Talking tech since 2003

Just by the nature of the iOS ecosystem, the Apple App Store sees the release of numerous third party applications with a wide array of uses and features. Apps come out every single day – many that offer the exact same slate of features, making competition difficult. And given the density of apps available – games, efficiency apps, health apps, and more — not all are successful. Some see moderate success, some sell 50 million or more, and others are downright failures.

Tamber, a concert recommendation and booking app, is fresh out of the App Store gate (as of June), and with so-far glowing reviews and high user ratings hooked to its belt. Labeled as “the first suggestion engine built for live music,” Tamber builds upon the features of suggestion platforms like Bing, but molds it into a functional experience for live music junkies.

And like most iOS apps, it’s completely free.

Getting started with Tamber is an elegant and simple process. All the app really wants out of you is a few straightforward answers: genres you listen to, artists you specifically enjoy, and where you’re located (but it does that automatically through GPS if you have it enabled). You even have the option to import your band ‘likes’ from Facebook (it added 45 artists for me, which is far easier than manually searching for them).

Thankfully, manual search is also a breeze. Any artist I looked up was found quite snappily, and bands that didn’t share a similar title with others automatically loaded up instead of appearing alone on a search page.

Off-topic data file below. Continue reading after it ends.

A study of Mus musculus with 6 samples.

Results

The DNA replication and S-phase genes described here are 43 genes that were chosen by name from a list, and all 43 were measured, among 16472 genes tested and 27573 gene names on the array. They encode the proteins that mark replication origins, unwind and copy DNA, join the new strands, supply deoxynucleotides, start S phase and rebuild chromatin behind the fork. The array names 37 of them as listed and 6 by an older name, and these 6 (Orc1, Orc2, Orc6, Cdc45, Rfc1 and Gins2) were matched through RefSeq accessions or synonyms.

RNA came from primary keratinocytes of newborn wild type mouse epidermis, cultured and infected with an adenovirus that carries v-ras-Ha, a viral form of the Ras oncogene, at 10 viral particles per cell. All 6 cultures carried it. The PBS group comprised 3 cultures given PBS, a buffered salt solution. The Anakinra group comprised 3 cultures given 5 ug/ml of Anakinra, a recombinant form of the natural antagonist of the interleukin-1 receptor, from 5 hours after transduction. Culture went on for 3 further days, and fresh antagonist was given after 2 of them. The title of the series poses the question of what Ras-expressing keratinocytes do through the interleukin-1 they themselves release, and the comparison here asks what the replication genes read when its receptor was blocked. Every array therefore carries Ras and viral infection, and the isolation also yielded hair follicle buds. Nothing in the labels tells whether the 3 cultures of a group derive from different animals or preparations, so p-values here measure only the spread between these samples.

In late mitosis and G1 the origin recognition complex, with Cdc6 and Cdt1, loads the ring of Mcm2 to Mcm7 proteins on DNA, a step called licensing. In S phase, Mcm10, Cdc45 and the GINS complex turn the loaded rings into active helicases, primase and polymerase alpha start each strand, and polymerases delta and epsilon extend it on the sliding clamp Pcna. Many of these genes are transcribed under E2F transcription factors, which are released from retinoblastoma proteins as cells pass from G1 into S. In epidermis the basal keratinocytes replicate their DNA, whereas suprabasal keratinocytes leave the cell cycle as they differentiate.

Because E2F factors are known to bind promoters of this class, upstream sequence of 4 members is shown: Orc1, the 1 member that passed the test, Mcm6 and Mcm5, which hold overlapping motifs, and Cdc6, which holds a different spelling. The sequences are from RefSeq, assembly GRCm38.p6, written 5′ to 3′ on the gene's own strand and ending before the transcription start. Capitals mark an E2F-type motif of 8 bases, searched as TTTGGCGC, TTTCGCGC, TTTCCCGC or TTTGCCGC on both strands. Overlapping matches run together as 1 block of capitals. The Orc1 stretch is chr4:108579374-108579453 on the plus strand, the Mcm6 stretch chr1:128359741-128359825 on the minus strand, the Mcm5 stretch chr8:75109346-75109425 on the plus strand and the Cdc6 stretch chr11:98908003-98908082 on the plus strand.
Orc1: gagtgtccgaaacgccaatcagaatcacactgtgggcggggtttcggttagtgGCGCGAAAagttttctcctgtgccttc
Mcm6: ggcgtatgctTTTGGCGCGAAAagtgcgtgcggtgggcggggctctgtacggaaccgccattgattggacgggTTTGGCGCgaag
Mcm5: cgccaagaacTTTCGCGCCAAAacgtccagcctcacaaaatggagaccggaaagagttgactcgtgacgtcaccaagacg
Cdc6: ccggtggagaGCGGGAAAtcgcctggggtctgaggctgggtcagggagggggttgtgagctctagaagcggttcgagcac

And while Tamber helps you find the big-name artists and their shows, it also suggests up-and-comers that might be of interest to you – and does so in a pretty remarkable way.

“We worked hard to make Tamber a super straightforward tool to find all the great music we’ve been missing, even though it’s playing right around the corner” says Alexi Robbins, Tamber’s CEO.

“The tickets to the big concerts are getting more expensive, so we also want to help people find the shows that are closer and have newer artists who charge a lot less. These can actually be the best shows to go to, but finding them takes a lot of work or connections.”

Finding these up-and-coming artists is possible by what the company calls their “secret sauce” for Tamber. When a recommendation is created for you, it’s created from not just a similar artist or song, but other artists who perform at concerts with that band, how close or far you are to the show, and more.


As a fan of Irish and Folk music, I’m continually disappointed that bands like Mumford and Sons, Flogging Molly, and miscellaneous folk groups hardly come to my town. But, with Tamber, I was notified within minutes of installing the app that an indie folk group was playing at a venue 20 minutes away, this weekend.

I bought tickets. That’s what Tamber is about. And I’m so onboard.

It’ll take time to see how and if Tamber takes off in live music lovers circles, but it certainly seems to be going about it in all the right ways. And since you can share concert details with anyone – even those who don’t have the app, it doesn’t get much easier to find, purchase, and share concerts with folks.